Oprah And Amy Schumer Open Up About What It's Like To Be In An Abusive Relationship

"I was always [like], I'll never be that woman. I'm not that kind of woman."

During her interview for Oprah's SuperSoul Conversations, actress and comedian Amy Schumer opened about what it was like to be in an abusive relationship in her early 20s. She explained that she "got hurt by accident a lot." She would try to justify her ex-boyfriend's behavior to herself by believing that he didn't mean to hurt her

"That happened to me in my 20s," Oprah said. "He'd slam the door on my hand ... and then one day I fell in front of the mirror in the hallway and I saw myself and I started to cry for this woman that I had allowed myself [to become]." 


Amy had a similar "out of body" experience when she finally realized she was in a physically abusive relationship and needed to leave. "I can picture being thrown on the hood of a car like it was an hour ago," she said. "And running from him. Carrying my shoes and running from him. Running into backyards, trying to get away from him because I was afraid for my life. It's so out of body. You're like, 'I'm not this woman. Who's this woman? This can't be me.' " 

Amy and Oprah admit they both had an idea in their head about what someone who gets abused "looks like." But what they learned is that abuse can happen to anyone. 

"I was always [like], I'll never be that woman," Oprah said. "I'm not that kind of woman."

"And then you realize there is no kind of woman. It happens to all women. It's not who we picture. I think I had a really distinct picture of what I thought an abused woman looked like," Amy said. "Really it's CEOs and it's powerful, brilliant women." 

Any woman regardless of her background, social status, income level, or experience, can become victims of emotional or physical abuse. And, it can happen to men, too.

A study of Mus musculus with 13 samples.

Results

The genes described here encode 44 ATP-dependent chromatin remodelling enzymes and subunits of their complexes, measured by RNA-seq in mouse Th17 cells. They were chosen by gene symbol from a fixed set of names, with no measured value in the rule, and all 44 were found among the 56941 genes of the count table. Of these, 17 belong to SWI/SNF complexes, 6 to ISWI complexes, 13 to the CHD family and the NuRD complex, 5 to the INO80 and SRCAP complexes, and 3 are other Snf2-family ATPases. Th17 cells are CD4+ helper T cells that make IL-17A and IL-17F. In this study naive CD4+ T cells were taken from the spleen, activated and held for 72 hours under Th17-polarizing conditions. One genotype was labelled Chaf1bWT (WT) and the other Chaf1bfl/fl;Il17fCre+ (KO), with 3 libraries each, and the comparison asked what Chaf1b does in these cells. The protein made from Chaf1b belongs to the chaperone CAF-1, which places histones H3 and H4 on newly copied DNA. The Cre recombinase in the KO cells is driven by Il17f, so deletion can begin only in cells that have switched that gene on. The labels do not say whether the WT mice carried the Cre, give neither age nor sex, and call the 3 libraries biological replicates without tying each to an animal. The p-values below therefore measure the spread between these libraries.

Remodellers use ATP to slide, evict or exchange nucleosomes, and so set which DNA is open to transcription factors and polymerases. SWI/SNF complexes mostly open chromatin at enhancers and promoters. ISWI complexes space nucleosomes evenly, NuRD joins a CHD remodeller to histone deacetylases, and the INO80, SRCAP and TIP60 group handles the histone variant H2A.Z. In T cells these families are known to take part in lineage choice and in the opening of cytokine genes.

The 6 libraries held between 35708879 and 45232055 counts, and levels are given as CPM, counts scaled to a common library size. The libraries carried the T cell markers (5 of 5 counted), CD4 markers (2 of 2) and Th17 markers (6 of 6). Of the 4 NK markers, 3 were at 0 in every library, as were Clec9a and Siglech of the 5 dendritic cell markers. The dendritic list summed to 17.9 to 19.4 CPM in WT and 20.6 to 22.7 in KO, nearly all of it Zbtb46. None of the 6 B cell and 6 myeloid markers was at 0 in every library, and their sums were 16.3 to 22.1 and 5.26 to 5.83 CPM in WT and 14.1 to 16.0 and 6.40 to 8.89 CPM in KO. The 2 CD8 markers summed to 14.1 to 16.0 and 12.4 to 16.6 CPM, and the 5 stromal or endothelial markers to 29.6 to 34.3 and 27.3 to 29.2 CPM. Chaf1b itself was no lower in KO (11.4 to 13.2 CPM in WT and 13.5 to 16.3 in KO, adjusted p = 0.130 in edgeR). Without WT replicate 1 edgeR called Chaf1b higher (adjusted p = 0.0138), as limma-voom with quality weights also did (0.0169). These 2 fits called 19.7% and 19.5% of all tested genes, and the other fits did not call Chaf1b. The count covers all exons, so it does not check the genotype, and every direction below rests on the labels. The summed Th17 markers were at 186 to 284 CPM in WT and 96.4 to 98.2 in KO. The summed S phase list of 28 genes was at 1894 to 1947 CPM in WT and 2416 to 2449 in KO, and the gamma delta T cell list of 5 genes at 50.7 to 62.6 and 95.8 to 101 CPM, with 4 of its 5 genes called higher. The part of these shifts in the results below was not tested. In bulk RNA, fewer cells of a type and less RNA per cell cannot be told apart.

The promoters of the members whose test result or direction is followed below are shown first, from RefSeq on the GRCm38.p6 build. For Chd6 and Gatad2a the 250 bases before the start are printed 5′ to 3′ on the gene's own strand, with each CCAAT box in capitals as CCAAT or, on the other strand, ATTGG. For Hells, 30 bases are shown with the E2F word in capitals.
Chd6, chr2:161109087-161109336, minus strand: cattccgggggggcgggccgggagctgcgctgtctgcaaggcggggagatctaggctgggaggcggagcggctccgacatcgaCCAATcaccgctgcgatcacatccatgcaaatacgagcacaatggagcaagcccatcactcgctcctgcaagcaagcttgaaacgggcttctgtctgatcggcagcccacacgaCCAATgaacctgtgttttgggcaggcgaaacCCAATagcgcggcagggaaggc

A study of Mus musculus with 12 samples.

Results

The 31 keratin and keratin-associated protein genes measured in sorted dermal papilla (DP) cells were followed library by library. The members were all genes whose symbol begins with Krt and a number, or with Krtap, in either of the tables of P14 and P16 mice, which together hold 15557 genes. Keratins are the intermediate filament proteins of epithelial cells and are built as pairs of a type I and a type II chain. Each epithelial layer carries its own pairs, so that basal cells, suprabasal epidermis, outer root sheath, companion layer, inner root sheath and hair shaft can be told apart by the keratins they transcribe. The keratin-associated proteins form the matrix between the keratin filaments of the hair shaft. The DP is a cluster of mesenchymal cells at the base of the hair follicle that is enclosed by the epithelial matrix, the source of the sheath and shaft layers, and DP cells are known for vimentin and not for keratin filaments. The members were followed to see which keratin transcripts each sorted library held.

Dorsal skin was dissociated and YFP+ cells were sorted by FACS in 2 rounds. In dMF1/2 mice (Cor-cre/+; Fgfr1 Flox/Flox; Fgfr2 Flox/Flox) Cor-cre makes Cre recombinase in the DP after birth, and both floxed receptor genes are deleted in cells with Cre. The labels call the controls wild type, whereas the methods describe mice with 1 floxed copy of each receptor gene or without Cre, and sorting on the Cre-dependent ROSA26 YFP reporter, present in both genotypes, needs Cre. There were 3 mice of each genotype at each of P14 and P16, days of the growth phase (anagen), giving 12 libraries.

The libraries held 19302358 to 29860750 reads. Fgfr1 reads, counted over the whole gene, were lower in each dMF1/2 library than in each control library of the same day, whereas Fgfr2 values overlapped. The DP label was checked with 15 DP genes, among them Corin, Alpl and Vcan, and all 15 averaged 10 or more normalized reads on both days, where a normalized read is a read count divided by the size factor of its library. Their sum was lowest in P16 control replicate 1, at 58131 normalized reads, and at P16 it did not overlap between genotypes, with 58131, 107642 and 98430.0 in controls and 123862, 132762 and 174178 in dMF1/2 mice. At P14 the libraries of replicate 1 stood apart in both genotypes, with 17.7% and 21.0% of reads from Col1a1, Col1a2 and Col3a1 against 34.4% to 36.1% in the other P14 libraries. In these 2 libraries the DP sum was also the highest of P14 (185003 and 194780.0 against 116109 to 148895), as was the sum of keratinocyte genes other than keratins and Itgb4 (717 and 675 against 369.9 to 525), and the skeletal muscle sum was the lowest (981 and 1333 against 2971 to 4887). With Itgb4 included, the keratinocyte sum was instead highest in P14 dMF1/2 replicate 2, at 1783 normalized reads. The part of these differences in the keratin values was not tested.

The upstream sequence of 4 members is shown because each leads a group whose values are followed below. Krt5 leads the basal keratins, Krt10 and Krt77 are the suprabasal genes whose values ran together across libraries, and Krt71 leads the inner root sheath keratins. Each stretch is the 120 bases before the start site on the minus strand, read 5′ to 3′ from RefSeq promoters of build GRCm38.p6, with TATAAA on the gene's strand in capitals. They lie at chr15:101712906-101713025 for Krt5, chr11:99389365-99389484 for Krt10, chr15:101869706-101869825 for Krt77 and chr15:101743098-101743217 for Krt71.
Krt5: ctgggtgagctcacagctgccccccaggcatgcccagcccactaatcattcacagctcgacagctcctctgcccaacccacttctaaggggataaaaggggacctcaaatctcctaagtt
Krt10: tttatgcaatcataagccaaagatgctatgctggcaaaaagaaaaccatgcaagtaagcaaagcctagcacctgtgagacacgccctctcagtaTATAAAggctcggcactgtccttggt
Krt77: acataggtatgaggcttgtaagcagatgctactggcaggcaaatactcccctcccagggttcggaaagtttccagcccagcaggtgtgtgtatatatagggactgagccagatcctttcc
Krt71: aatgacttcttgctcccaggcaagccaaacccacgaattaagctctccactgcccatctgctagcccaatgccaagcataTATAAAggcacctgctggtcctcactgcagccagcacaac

One in 4 women and 1 in 7 men in the United States have experienced severe physical violence by an intimate partner in their lifetime, according to the National Domestic Violence Hotline. "Nearly half of all women and men in the United States have experienced psychological aggression by an intimate partner in their lifetime."

Amy explained her situation further saying that her ex-boyfriend had convinced her that she wasn't lovable so she better work it out with him. She found herself feeling bad for him when he would feel upset for physically hurting her. "You don't choose to fall in love with someone who hurts you," she said. "And you can be in love with someone who hurts you." 

But one day, she realized she was being physically and emotionally abused. It wasn't about her, it was about him. 

"It hit me like a ton of bricks one day: 'Oh, I'm not this awful, ugly, stupid person he's trying to make me feel like I am. He's saying that because he's afraid of losing me.' It just occurred to me one day," Amy said. She found the strength and courage to leave. 

"The lesson is love isn't supposed to hurt," Oprah said. 

If you, or someone you know, needs help, visit The National Domestic Violence Hotline and LoveIsrespect for information, resources, and 24/7 live support.